If you’ve been avoiding your household budget because you feel like you can never keep track of bills and payments, it’s time to change your strategy. Knowing where your money is — and where it’s going — is a crucial place to start if you want to take charge of your financial health and improve your credit score.
Consider the following information and make a plan to incorporate a few of these tips into your daily life.
You may assume that you’ll just stop spending when you run out of money for the month, but if you have recurring electronic bills or auto payments, you may not understand how much you’re spending overall. Setting up a plan to keep track of bills and payments more closely, where you understand where every dollar goes and what it’s used for, can help you:
- Have enough money by the end of every month or paycheck cycle
- Repair your credit in the long run when you make payments on time
- Save money to create an emergency fund or pay off outstanding debts
- Reduce anxiety and conflict when it comes to money and household finances
7 Tips for Tracking Your Expenses
Making a budget can be easier than you think if you follow these guidelines.
1. Download an Expense-Tracking App
Perhaps the simplest thing you can do to keep track of bills and payments is to download an app that tracks your expenses and gives you the option of filtering your payments into personalized budget categories. Make sure the app is secure and reputable, as you’ll be sharing your bank information with this platform.
You’ll typically have options for searching for recurring payments, inspecting your accounts for automatic payments you didn’t intend to sign up for, and setting alerts when your balances dip too low.
2. Make a Spreadsheet
If you don’t have a smartphone, don’t want to link your secure bank information to an app, or don’t enjoy tinkering with budgeting software, it may be easier for you to make a spreadsheet of your monthly expenses. Though it sounds old-fashioned, manually entering each payment and bill can give you a keen sense of your expenses.
This project can also help you understand which payments are essential and which are going toward services you don’t need.
3. Download Your Tax Records
Tax time can throw a wrench into a carefully planned budget. If you frequently end up paying more in taxes than you planned, now’s a good time to download your transcripts from the IRS to determine how much you’ve paid each year compared to how much money you made.
You may not be able to predict your payment, but it’ll be easier to estimate a ballpark figure when you look through your past returns. Save up throughout the year for this payment and calculate it into your monthly budget as if it were an upcoming bill.
4. Sign Up for Electronic Billing
Your problem when you keep track of bills and payments may be that you simply don’t remember to pay your bills. Maybe you misplace the paper copies of your bill that you receive in the mail.
If you have enough money in your bank account but you frequently incur more debt by racking up late payments, investigate which of your bills can be set to autopay. You’ll likely still get an email stating that your payment was drafted through the linked autopay account. Save these emails in a specific folder for your records.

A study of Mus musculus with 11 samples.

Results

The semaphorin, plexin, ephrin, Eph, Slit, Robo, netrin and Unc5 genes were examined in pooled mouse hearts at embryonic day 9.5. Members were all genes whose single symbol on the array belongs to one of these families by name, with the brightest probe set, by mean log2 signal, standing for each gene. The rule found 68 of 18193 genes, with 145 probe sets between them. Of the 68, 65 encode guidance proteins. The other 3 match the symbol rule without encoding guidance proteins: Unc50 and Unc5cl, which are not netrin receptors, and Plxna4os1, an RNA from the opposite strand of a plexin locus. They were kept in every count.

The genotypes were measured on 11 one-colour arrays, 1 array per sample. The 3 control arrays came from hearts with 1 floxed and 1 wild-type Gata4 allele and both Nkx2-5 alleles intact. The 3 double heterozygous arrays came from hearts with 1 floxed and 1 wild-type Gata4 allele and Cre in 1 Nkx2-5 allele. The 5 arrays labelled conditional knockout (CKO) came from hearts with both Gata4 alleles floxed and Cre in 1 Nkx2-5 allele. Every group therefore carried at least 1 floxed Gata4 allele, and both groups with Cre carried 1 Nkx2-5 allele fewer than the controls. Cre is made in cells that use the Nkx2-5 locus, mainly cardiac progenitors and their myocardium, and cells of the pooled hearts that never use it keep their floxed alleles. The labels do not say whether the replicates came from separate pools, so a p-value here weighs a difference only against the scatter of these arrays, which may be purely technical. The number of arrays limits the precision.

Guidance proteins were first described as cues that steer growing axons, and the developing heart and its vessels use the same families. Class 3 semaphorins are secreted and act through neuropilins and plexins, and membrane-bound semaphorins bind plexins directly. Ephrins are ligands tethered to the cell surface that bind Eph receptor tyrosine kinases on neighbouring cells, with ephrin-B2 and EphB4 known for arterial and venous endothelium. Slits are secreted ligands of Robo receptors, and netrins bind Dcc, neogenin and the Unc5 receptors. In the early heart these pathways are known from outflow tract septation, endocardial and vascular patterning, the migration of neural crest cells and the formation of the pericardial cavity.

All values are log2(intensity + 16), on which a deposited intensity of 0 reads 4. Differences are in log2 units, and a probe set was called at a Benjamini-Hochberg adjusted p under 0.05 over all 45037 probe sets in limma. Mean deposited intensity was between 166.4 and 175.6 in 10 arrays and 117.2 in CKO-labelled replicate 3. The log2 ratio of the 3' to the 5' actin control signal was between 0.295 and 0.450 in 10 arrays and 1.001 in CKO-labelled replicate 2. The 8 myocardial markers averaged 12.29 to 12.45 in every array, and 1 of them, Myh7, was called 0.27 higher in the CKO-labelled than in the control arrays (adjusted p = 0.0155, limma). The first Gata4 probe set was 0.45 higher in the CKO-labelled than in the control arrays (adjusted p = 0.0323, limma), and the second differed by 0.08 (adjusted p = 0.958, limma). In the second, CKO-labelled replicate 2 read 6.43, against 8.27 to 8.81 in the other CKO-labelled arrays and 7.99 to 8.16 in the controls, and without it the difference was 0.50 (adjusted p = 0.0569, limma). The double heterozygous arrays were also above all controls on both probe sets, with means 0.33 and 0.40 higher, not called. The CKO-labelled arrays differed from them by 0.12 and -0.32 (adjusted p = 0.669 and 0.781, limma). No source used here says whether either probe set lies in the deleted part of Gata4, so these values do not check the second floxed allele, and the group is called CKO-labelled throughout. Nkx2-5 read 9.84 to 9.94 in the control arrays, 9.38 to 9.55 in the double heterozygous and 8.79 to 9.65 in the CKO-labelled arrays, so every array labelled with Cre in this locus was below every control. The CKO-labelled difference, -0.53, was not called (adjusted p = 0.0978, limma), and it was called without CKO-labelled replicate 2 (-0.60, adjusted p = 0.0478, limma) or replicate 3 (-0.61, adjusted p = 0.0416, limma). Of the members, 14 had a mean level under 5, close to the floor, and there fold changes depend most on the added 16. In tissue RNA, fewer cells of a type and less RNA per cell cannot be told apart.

5. Pay Bills on a Specific Day of the Week
If you always feel behind on your payments or you’re worried about keeping track of which bills you’ve paid and which you haven’t, consider setting a bill-paying appointment with yourself. For example, you could sit down every Friday at 7:00 p.m. and go through your stack of bills for the week.
Ensure that the paper ones are paid and that the electronic ones have been drafted. Consider saving the paper copies of the bills for your records or keeping track of your payments in a spreadsheet.
Once you’ve done this for a few weeks, you’ll be able to better keep track of bills and payments and how frequently they need to be paid. If you’re not already tracking your spending for bills, it may seem like you only pay certain ones infrequently. You’ll soon see whether this is the truth.
6. Talk To Your Spouse or Partner About Spending
Spending money can cause huge arguments between couples. You may not realize how much you’re spending, or perhaps you’re a saver while your partner enjoys shopping and forgets to pay bills first. Instead of accusing your partner of not staying on top of things, pick a time each week to sit down and talk about expenses.
Remember, your partner might not understand his or her own habits even if you see them clearly.
Do your best to create a budget together that includes your wants and needs. You might decide to keep track of bills and payments on a shared app while allowing certain percentages of your monthly income for food, clothes, kids’ school supplies, eating at restaurants, saving for a vacation, and so on.
7. Open a Checking Account for Bills
While sharing a checking account after marriage or a lifetime partnership may feel convenient (or even romantic, depending on your personality), it’s not always the best move. Consider opening a separate checking account for bills and household items like groceries. It can be shared or not depending upon your preference.
You may feel more comfortable designating one partner to pay the bills if one of you is better with money, or you might divide up the responsibility depending upon your situation.
Use Fiscal Tiger’s Resources To Learn How To Keep Track of Bills and Payments
When you use these tips to keep track of bills and payments, your newfound knowledge will only benefit your overall finances. Check out Fiscal Tiger’s resources for budgeting and building credit, learn why your credit report matters, and discover how to get out of debt on your own timetable.